Important Laws About Tipped Employees
We all know that there is a minimum wage and pursuant to Federal and California law, failure to pay an employee the minimum wage, can allow the unpaid or underpaid employee to sue for sometimes significant damages. In fact, California even makes it a crime to withhold certain income that is owed to employees.
But what about tipped employees? In California, tipped employees still must be paid the standard minimum wage, currently $14 per hour for businesses with 25 or fewer employees, and $15 for those with 26 or more employees.
Keeping Your Tips
But many employers are frustrated with this. They see tips as a windfall—after all, they are paying you the full minimum wage, and you are still getting tips. Many employers try to skirt the rules, to put some of those tips in their pocket. This is illegal, and an employer who does this can be sued.
Under California law, your tips are yours and yours only; your employer cannot take any part of your tip. So, the first thing many employers try to argue is that the money that you are receiving, isn’t actually a tip, and thus can be taken by the employer.
What is a Tip?
The first question is whether you receive tips from customers at all. To get tips—and thus prohibit your employer from taking them—the tips must meet a certain legal definition.
The tip also must be voluntary; a mandatory charge on a customer’s bill, that the customer has no ability to not pay, will not be considered a tip. The customer must have the ability, at his or her discretion, to decide who to tip, whether to tip, and how much to tip.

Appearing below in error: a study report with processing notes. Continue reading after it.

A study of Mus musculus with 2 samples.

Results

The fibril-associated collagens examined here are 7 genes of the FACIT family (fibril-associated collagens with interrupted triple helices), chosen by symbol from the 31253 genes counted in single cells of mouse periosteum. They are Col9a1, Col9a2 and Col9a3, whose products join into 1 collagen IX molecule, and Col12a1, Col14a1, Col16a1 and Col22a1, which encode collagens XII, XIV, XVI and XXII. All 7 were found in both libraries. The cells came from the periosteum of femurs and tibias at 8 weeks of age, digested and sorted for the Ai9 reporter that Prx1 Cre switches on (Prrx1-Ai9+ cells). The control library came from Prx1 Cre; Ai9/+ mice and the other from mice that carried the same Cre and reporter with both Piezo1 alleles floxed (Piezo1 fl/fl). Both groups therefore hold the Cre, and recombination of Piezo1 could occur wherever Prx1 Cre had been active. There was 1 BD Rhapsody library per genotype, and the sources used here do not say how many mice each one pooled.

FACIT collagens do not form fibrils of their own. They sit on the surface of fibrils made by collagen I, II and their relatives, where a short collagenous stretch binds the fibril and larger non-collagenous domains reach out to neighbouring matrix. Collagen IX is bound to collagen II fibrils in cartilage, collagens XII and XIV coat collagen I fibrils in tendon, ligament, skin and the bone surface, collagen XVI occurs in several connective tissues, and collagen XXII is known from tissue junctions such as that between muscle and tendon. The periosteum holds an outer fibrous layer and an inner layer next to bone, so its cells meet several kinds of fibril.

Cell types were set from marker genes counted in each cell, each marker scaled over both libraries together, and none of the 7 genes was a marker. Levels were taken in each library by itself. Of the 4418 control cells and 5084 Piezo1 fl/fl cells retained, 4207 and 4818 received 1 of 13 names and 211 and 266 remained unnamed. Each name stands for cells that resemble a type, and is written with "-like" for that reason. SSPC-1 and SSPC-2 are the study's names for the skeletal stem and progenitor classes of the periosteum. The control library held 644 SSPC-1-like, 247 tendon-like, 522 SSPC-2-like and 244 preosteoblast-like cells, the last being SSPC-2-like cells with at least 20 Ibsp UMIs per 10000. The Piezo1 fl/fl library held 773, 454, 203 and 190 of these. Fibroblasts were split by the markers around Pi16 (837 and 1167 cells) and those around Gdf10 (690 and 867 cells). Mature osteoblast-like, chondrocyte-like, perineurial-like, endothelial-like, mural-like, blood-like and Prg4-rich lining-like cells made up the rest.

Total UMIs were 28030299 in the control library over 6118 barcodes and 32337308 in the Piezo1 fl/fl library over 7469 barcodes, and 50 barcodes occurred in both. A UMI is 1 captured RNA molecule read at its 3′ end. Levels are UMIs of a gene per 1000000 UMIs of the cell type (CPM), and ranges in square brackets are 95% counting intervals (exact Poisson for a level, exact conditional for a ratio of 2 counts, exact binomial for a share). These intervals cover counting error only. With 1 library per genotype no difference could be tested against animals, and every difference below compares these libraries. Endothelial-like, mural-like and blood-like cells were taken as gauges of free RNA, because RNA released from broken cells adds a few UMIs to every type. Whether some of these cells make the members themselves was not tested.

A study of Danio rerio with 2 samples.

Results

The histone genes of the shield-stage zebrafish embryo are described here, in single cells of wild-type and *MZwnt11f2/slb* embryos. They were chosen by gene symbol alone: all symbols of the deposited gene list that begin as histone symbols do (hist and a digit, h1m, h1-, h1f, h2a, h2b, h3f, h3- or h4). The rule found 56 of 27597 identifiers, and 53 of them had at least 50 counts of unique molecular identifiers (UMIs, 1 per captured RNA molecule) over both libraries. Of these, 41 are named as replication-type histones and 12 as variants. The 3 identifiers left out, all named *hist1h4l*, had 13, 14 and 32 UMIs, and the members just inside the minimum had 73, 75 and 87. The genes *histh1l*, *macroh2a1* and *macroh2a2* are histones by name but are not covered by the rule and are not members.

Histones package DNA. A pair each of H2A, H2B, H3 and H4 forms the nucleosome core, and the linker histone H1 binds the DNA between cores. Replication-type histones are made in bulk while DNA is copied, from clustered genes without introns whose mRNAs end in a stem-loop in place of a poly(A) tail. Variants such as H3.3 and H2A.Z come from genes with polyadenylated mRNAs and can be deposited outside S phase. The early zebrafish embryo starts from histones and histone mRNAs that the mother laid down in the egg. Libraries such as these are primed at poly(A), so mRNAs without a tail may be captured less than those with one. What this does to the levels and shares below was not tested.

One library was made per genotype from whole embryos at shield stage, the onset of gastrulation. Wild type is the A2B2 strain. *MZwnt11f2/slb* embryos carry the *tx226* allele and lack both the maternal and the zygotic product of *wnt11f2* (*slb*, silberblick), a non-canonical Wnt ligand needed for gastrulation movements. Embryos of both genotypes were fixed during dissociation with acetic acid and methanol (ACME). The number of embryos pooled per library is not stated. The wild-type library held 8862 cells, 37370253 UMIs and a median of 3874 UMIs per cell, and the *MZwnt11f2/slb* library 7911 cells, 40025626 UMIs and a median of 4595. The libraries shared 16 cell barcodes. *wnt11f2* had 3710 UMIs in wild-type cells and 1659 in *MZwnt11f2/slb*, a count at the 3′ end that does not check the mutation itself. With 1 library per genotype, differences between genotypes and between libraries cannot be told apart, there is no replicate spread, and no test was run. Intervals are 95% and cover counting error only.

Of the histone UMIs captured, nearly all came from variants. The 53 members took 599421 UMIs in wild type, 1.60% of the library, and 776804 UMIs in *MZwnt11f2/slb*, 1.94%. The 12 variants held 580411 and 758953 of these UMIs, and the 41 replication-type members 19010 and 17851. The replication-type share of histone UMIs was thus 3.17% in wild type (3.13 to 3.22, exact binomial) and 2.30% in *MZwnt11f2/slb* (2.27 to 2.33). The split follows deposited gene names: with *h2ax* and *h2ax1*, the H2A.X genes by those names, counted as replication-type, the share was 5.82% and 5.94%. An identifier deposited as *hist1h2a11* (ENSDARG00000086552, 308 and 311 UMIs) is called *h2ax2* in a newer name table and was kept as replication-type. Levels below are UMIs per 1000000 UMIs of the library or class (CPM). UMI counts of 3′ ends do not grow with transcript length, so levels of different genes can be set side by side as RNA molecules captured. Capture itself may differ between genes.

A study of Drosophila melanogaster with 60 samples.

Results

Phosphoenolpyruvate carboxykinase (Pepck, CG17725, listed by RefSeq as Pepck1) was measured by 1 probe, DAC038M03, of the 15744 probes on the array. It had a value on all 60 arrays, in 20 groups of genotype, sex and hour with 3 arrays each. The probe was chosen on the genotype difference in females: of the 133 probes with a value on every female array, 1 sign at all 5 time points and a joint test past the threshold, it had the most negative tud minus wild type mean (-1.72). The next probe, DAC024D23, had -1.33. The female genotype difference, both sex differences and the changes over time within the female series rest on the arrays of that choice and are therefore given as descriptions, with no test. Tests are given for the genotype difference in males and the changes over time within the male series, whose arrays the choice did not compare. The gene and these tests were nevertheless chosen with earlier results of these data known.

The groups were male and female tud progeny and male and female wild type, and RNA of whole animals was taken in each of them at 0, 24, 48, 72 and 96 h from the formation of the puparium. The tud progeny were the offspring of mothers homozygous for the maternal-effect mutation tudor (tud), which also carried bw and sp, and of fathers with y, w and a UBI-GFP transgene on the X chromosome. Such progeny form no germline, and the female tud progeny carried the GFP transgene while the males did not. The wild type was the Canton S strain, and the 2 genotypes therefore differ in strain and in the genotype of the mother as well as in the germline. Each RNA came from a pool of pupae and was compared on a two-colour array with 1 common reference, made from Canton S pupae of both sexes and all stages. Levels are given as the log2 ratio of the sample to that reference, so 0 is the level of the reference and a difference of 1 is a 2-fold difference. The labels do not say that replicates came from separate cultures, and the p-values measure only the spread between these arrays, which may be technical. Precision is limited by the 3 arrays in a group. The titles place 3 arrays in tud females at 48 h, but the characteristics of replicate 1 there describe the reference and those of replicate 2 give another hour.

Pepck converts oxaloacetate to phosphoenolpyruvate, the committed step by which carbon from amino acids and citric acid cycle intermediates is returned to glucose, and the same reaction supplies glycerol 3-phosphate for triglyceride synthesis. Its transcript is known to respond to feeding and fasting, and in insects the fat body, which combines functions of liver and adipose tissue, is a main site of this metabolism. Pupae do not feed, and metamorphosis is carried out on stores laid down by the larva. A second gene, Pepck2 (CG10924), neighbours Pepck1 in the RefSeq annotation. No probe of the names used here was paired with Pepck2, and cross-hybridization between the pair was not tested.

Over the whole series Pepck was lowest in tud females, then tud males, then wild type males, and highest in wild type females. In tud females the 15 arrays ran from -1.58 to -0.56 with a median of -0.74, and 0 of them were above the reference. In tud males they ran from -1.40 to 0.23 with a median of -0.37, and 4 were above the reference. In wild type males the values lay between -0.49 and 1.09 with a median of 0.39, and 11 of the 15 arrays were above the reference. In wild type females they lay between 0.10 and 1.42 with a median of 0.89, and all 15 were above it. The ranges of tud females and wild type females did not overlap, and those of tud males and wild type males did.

Crediting With Tips
Many employers will give the employee all of his or her earned tips, but then deduct the tips from the hourly wage. So, for example, if the employer owed you $15 for one hour, and you earned $10 in tips that hour, the employer would try to only pay you the $5 difference.
This practice is illegal; an employer cannot replace your normal wage, with tips that you have received, or give itself a credit from the tips you have earned. Your employer can’t even deduct credit card fees from your tips.
California does allow tip pooling, a practice where all tipped employees’ tips are added up together, and then divided amongst all the tipped employees. This is allowable only if certain employees are included-for example, a restaurant could not include a cook, a job that doesn’t normally get tips, in the tip pool.
If your supervisor’s primary duty is serving customers, then he or she can share in the tips. But if your supervisor doesn’t do that on a regular, daily basis, he or she cannot share in the tip pool.
Contact the San Jose employment law lawyers at the Costanzo Law Firm today if you are a tipped employee, and feel that you are not being paid tips that are owed to you.